Dr. Blanche Tabor Burchard, 88, who practiced medicine in the Washington area for more than half a century, died of cancer April 19 at the Stella Maris Hospice in Towson, Md. She lived in Arlington.
Dr. Tabor, who used her maiden name throughout her career, was one of a handful of female doctors in this country when in 1929 she began general practice in a walkup office overlooking the trolley line in the Cherrydale section of Arlington. Later she moved to offices at what is now Lee Highway and Spout Run Parkway, where she practiced until she retired at the age of 85 in August 1983.
Blanche Tabor was born in a log cabin in the mountains near Bryson City, N.C. Her father was the first Swain County native to go to college. She had been determined to a become a doctor "since I was a little girl," she said. "Nearly everybody laughed at me."
After attending rural public schools in which her father taught, she worked nights, weekends and summers at the North Carolina State School for the Deaf at Raleigh to pay her way through nearby Meredith College, from which she graduated in 1917.
Afterward, she taught for seven years at the North Carolina State School for the Blind and saved enough to put herself through George Washington University Medical School, graduating in 1928. She interned at Western Reserve University Hospital in Pittsburgh.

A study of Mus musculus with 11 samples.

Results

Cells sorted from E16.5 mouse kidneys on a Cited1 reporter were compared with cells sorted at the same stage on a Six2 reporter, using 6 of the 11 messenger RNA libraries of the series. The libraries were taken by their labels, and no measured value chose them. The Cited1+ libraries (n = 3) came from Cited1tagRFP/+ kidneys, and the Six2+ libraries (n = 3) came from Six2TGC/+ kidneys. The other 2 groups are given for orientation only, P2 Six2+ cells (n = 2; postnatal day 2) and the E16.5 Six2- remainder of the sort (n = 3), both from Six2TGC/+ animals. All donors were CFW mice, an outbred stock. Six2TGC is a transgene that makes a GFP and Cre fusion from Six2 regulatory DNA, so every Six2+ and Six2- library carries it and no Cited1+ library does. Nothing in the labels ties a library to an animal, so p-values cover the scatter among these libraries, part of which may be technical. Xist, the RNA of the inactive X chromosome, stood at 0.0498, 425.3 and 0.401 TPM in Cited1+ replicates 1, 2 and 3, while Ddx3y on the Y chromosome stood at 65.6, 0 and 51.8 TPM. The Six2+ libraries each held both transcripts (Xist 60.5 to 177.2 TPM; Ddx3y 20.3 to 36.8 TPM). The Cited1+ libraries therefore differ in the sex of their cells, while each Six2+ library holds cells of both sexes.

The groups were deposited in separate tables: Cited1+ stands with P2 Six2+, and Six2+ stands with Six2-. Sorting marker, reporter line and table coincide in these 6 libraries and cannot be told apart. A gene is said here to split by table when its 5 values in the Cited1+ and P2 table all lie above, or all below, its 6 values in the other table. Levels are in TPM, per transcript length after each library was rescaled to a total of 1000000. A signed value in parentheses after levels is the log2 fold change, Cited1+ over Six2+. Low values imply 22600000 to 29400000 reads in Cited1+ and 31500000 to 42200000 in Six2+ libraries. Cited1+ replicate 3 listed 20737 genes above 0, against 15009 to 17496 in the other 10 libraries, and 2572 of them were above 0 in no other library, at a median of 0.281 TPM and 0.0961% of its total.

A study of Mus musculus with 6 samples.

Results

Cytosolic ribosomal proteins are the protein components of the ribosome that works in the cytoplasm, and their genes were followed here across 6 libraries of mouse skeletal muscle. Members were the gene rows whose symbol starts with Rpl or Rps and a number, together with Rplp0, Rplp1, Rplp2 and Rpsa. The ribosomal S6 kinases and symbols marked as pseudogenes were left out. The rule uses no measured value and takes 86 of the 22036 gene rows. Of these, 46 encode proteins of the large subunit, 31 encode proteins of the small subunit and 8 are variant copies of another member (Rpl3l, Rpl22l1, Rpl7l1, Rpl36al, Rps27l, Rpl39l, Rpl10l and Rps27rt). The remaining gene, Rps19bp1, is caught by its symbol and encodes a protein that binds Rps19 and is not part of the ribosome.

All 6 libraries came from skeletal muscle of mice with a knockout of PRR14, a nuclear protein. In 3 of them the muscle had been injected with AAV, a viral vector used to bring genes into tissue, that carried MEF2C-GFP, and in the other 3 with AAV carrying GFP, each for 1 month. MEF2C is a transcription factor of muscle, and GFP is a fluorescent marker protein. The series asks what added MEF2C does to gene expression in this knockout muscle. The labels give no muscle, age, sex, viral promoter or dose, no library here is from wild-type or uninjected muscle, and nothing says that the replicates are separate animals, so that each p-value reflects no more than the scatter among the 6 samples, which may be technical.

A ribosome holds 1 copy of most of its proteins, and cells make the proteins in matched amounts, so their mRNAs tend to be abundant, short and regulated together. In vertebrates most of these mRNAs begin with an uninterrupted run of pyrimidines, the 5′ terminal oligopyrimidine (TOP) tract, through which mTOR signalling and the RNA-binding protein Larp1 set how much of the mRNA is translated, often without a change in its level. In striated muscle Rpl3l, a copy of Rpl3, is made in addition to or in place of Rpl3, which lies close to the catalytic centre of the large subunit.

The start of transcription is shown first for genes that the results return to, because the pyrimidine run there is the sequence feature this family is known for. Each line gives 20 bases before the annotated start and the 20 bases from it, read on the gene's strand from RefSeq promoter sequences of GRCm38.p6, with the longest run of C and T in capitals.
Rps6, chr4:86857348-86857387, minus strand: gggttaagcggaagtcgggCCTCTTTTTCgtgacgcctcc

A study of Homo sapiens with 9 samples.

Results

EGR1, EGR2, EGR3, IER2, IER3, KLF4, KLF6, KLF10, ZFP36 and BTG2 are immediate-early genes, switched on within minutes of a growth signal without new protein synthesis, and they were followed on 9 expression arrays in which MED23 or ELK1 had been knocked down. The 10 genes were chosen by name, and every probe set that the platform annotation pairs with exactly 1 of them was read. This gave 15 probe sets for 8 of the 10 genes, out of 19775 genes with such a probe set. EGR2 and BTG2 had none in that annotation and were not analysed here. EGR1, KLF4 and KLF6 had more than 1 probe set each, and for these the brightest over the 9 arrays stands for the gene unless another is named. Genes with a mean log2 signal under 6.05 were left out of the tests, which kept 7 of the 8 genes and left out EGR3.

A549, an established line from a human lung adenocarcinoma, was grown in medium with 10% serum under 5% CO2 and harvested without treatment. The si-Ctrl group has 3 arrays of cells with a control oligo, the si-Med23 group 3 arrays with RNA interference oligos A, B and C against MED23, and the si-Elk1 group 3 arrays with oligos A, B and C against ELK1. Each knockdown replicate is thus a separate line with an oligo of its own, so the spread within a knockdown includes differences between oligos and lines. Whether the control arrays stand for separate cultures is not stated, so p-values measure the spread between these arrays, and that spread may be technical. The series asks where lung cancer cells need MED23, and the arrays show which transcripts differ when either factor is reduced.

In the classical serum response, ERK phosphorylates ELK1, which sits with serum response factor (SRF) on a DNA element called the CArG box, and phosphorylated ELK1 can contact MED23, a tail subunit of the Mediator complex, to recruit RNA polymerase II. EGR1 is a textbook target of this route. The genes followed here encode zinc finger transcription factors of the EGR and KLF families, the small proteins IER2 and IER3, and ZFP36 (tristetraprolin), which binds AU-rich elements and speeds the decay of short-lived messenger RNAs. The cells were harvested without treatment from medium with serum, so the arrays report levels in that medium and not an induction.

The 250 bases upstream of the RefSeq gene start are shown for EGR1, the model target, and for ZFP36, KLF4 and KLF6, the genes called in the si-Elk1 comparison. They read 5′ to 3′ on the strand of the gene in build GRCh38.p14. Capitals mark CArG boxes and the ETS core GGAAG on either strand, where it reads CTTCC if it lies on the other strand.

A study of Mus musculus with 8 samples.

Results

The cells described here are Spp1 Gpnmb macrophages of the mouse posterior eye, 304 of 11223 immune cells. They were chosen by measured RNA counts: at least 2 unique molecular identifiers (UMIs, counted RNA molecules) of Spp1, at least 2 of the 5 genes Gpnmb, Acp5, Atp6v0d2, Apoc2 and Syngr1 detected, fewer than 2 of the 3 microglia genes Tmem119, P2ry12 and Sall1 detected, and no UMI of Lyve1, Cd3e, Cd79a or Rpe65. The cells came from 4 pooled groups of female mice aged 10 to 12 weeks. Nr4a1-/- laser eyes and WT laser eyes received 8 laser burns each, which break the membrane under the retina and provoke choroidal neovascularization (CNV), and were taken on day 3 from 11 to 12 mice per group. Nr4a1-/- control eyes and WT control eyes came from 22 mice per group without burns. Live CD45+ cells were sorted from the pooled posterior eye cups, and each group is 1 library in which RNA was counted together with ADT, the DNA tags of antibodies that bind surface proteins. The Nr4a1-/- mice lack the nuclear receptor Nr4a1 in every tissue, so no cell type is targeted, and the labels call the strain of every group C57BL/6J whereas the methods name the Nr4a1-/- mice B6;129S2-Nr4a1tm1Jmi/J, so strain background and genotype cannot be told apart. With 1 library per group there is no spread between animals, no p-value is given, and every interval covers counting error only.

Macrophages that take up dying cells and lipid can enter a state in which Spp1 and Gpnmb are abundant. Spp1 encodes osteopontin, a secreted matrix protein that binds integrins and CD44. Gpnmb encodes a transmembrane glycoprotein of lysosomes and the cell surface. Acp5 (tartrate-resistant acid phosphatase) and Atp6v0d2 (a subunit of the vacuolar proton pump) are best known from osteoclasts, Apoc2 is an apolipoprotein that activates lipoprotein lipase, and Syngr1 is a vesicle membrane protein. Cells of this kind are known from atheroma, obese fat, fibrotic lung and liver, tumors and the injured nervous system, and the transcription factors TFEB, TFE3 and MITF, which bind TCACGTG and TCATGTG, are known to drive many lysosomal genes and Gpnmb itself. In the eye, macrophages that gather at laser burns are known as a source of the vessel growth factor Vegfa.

The stock market was still crashing when she hung out her shingle at the age of 33. She recalled that during the Great Depression a round of as many as a dozen house calls, ranging to Leesburg and Warrenton, might not produce enough cash to pay for the gas -- in a time when a dollar or so would fill the tank.
"But I'd come home with the car full of vegetables and country hams and eggs still warm from the hens," she said. "Sometimes I'd barely make the rent, but we had food on the table."
In 1936, on her 39th birthday, she married Henry C. Burchard, 49, a Veterans Administration clerk. They reared five children. Her husband died in 1959.
Dr. Tabor made house calls almost to the day she retired, charged less than $10 for an office visit, and never sent a bill. "They pay or they don't," she said. Her major concession to advancing age was to take a couple of months off every year, during which she traveled to every continent but Antarctica.
At 75, after having delivered more than 2,000 babies, she abandoned obstetrics "because I just didn't have the get-up-and-go left to get up and go out in the middle of the night."
Dr. Tabor's survivors include three daughters, Elizabeth B. Hoff of North Myrtle Beach, S.C., Doris B. Davanloo of Montreal, and Carrie T. Burchard of Baltimore; two sons, David V. Burchard of Gloucester, Mass., and Henry C. Burchard Jr. of Arlington; two sisters, Carrie T. Stevens of Council, N.C., and Rachel T. H. Lovett of Coral Gables, Fla.; two brothers, Claude W. Tabor of Johnson City, Tenn., and Dr. George L. Tabor Jr. of San Diego; 14 grandchildren, and one great-grandchild.